Emma Mirabent Roig explains that with Europe’s road infrastructure now being 50 years old, automation promises to make roadway maintenance safer
The deterioration of the European road network has gotten worse in the past decade. Built between the 1960s and 70s, these infrastructures were designed to last about 50 years. Therefore, it’s no surprise that they’re having issues. Over time, roads slowly degrade from natural processes and traffic loads. Repairing them, however, can be dangerous since traffic tends to be erratic. Flaggers and other foot workers are typically the most vulnerable to maintenance fatalities.
Altogether, road asset management is essential to reduce accidents, and automation may help us achieve it.
OMICRON, a new EU-funded project, is automating and industrialising road construction, inspection and maintenance in Europe. The project brings together 16 industry-leading partners. Its goal is to create a future where monitoring is constant, maintenance is smooth, interventions are quick and robots perform the most hazardous tasks.
“The roads will be better maintained, making them safer for drivers and maintenance crews,” says Noemí Jimenez, director of the research and innovation department at CEMOSA, the civil engineering company that coordinates OMICRON. “[The project] covers the whole cycle, from inspection to digitalisation, decision support, robotic activities, maintenance, and retrofitting.”
Pavement inspection with drones and cameras
OMICRON’s mission extends well beyond road renovation safety. It also aims to make it more predictable. An Intelligent Road Asset Management Platform will be developed using state-of-the-art devices, such as drones and inspection vehicles, to provide workers with accurate 3D maps of the road infrastructure.
Using this inspection data, the researchers can create a Road Digital Twin: a virtual representation of the infrastructure that they can use to plan interventions more effectively.
“Having a digital replica of our infrastructure makes managing it a lot easier,” says Jose Solís Hernández, a mechanical engineer at CEMOSA and OMICRON’s project coordinator. “This will create a more agile management of the roadway network and safer access to information and services to users”.
From human workers to robots and brains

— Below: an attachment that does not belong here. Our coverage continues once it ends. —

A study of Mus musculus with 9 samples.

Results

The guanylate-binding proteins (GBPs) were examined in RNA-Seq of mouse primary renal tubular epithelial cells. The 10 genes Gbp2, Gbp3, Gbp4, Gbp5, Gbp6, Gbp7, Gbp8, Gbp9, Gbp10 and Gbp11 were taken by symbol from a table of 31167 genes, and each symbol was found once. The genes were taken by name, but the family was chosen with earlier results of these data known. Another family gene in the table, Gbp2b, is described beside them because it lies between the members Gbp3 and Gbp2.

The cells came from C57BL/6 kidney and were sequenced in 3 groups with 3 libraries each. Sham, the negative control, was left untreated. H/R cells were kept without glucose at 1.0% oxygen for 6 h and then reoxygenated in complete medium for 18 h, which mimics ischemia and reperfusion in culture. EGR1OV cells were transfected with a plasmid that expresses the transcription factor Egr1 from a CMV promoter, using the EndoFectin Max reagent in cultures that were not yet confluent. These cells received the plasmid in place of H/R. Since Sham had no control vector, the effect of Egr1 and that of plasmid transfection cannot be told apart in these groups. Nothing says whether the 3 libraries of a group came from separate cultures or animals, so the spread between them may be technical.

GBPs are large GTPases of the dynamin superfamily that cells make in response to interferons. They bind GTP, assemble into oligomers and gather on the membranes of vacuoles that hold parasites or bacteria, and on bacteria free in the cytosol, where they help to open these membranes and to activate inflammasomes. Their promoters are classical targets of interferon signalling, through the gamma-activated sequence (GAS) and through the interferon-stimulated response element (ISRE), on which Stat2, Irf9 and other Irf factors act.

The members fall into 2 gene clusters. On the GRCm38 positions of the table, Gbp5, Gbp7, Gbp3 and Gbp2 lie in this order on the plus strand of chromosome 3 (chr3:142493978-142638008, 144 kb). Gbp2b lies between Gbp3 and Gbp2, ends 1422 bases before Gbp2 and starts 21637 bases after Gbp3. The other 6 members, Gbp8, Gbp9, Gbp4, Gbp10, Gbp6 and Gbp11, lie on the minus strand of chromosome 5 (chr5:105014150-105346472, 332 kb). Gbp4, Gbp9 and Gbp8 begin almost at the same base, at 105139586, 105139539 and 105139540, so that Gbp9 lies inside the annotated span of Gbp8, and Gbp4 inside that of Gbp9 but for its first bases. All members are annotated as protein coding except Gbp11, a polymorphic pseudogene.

But planning alone isn’t enough. As Solís stresses, “Even the simple act of placing temporary road signs […] is a dangerous task. So, the goal is to make most activities robotic and autonomous to reduce danger. Also, improving infrastructure maintenance will reduce expenses in the future.”
José Ramón López, head of R&D at PAVASAL S.A., another partner of OMICRON, offers a more practical example of the project’s possibilities: erasing white lines from roads with a special laser. Traditionally, these lines are painted black. But, as López explains, “[The current] solutions are not effective since the signal remains visible […] and there is also a problem with adhesion to the tyre since the surface deteriorates.”
Robotic platforms can also be used to clean lights, install safety barriers, remove cones, and seal road cracks. Moreover, current methods, such as repairing roads at night, are not time-efficient. Using OMICRON’s preassembled structural components, connections and automation technologies, roads and bridges will be built faster and more efficiently with less traffic disruption.
Upon completion of the remaining stages of the project, OMICRON will demonstrate all developed technologies at specific demo sites. Using the information of an existing bridge in Porto, Portugal, a virtual demonstration will be performed where OMICRON’s experts will design and test a new bridge in-lab applying the mentioned technologies.
Spain will host three demonstration sites. Motorway A-2 in Guadalajara will be used to test communication technologies. On highways around Valencia, crack sealing technology will be tested, while pavement treatment will be observed from start to finish in Seville.
In the final demonstration, OMICRON’s Intelligent Road Asset Management Platform, which incorporates most of the project’s technologies and digital developments, will be tested on the A24 highway in Rome.
All these cutting-edge technologies could one day be incorporated into our everyday lives, making it possible to drive with less disruption on roads that are safer and always in pristine condition.